Research data has recently indicated that pathology in Parkinson’s disease (PD) starts at the synapse, the part of the neurons where the release of dopamine occurs, dysfunction of which leads to neuronal death via a “dying back” process. We aim to determine whether increased levels of cysteine string protein alpha (CSPalpha), a chaperon protein involved in the assembly of a protein complex called SNARE, involved in the release of neurotransmitters like dopamine, will be able to rescue the abnormal dopamine release observed in pre-clinical models of early stages of PD.
Alpha-synuclein, the main protein that forms the Lewy bodies that are the characteristic protein aggregate present in patients with PD, is accumulated at the site of connection between nerve cells, or synapses, in the striatum of our pre-clinical model, which represents early stages of PD pathology. This accumulation is associated with the re-distribution of components of the SNARE complex (proteins that are crucial in maintaining neurotransmitter release machinery), and progressive, age-dependent reduction of dopamine release from the striatum. Chaperon proteins (e.g. CSPalpha) regulate assembly of the SNARE complex, and alpha-synuclein rescues neurodegeneration due to lack of CSPalpha. We will examine whether virus-mediated over-expression of CSPalpha will restore the deficit in exocytosis in vitro in alpha-synuclein expressing cell lines and in vivo in the human 1-120 truncated alpha-synuclein transgenic mouse line. In particular, we will overexpress CSPalpha in cells over expressing alpha-synuclein and showing a deficit in exocytosis. Furthermore, we will produce viruses expressing the CSPalpha protein that will be injected in the brain of transgenic mice expressing human 1-120 alpha-synuclein to determine whether CSPalpha can also rescue exocytosis in vivo in pre-clinical models.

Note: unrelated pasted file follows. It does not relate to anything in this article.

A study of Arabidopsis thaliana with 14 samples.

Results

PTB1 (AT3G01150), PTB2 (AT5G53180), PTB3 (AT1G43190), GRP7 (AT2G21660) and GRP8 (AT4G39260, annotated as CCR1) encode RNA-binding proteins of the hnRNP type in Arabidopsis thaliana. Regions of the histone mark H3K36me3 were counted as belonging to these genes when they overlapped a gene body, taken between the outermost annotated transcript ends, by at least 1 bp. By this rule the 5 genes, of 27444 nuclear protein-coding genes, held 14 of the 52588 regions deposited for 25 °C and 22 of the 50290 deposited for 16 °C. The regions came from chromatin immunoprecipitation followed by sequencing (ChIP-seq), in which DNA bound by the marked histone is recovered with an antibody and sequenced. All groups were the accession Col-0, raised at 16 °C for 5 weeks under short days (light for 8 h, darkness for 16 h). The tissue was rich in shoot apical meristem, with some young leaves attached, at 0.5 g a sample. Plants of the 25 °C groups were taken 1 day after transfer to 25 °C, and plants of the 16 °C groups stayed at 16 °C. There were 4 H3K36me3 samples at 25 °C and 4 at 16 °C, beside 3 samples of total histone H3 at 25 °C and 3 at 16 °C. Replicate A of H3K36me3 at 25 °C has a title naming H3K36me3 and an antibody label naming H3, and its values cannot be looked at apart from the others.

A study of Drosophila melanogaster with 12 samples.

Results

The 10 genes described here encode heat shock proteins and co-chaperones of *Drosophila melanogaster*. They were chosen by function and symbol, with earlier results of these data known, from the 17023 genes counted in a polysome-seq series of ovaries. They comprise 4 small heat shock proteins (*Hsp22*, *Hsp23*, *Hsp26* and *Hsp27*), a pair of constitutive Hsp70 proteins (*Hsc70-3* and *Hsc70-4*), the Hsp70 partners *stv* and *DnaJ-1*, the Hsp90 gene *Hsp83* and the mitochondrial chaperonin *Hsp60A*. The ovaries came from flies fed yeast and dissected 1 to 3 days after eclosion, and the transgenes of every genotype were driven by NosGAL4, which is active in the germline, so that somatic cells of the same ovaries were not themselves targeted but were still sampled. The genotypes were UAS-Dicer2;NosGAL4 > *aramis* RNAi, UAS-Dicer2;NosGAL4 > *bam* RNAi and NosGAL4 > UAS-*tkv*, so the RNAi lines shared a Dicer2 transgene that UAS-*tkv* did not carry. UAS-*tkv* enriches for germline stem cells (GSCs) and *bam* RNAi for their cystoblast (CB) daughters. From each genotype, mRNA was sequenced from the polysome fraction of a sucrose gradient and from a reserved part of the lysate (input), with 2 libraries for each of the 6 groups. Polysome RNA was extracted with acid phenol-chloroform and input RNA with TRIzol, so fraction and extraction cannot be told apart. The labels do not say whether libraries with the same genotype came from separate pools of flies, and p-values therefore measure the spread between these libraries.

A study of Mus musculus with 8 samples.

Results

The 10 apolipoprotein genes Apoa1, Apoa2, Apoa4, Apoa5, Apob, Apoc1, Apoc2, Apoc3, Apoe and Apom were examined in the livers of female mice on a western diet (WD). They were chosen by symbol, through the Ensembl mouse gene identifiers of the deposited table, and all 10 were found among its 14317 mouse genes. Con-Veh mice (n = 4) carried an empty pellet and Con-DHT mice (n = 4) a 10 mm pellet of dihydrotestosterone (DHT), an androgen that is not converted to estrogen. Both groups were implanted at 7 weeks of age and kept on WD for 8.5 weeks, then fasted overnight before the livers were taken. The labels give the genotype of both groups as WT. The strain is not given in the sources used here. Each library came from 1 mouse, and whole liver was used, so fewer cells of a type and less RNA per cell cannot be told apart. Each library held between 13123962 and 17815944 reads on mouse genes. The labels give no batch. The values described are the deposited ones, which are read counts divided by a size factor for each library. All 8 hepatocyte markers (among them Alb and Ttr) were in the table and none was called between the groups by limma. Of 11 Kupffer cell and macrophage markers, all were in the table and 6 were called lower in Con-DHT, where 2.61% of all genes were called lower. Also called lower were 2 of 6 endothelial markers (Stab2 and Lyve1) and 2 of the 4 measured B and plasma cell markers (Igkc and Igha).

Relevance to Diagnosis/Treatment of Parkinson’s Disease:
Alpha-synuclein is a crucial protein, involved in the development of PD, however its function is not completely understood. Mounting evidence indicates the participation of alpha-synuclein in maintaining normal cell-to-cell communication by ensuring the proper function of synapses, where it participates in vesicle docking and the release of neurotransmitters. Our project will help to clarify whether CSPalpha overexpression could help to restore a normal release of neurotransmitters in a synapse damaged by alpha-synuclein accumulation, providing further insights into the early stages of PD and its possible treatment.
This study will reveal the relevance of alpha-synuclein aggregation at the synapse as a target for PD treatment. If preventing/correcting SNARE redistribution will restore a normal dopamine release, it will indicate a novel direction for therapeutic intervention for PD.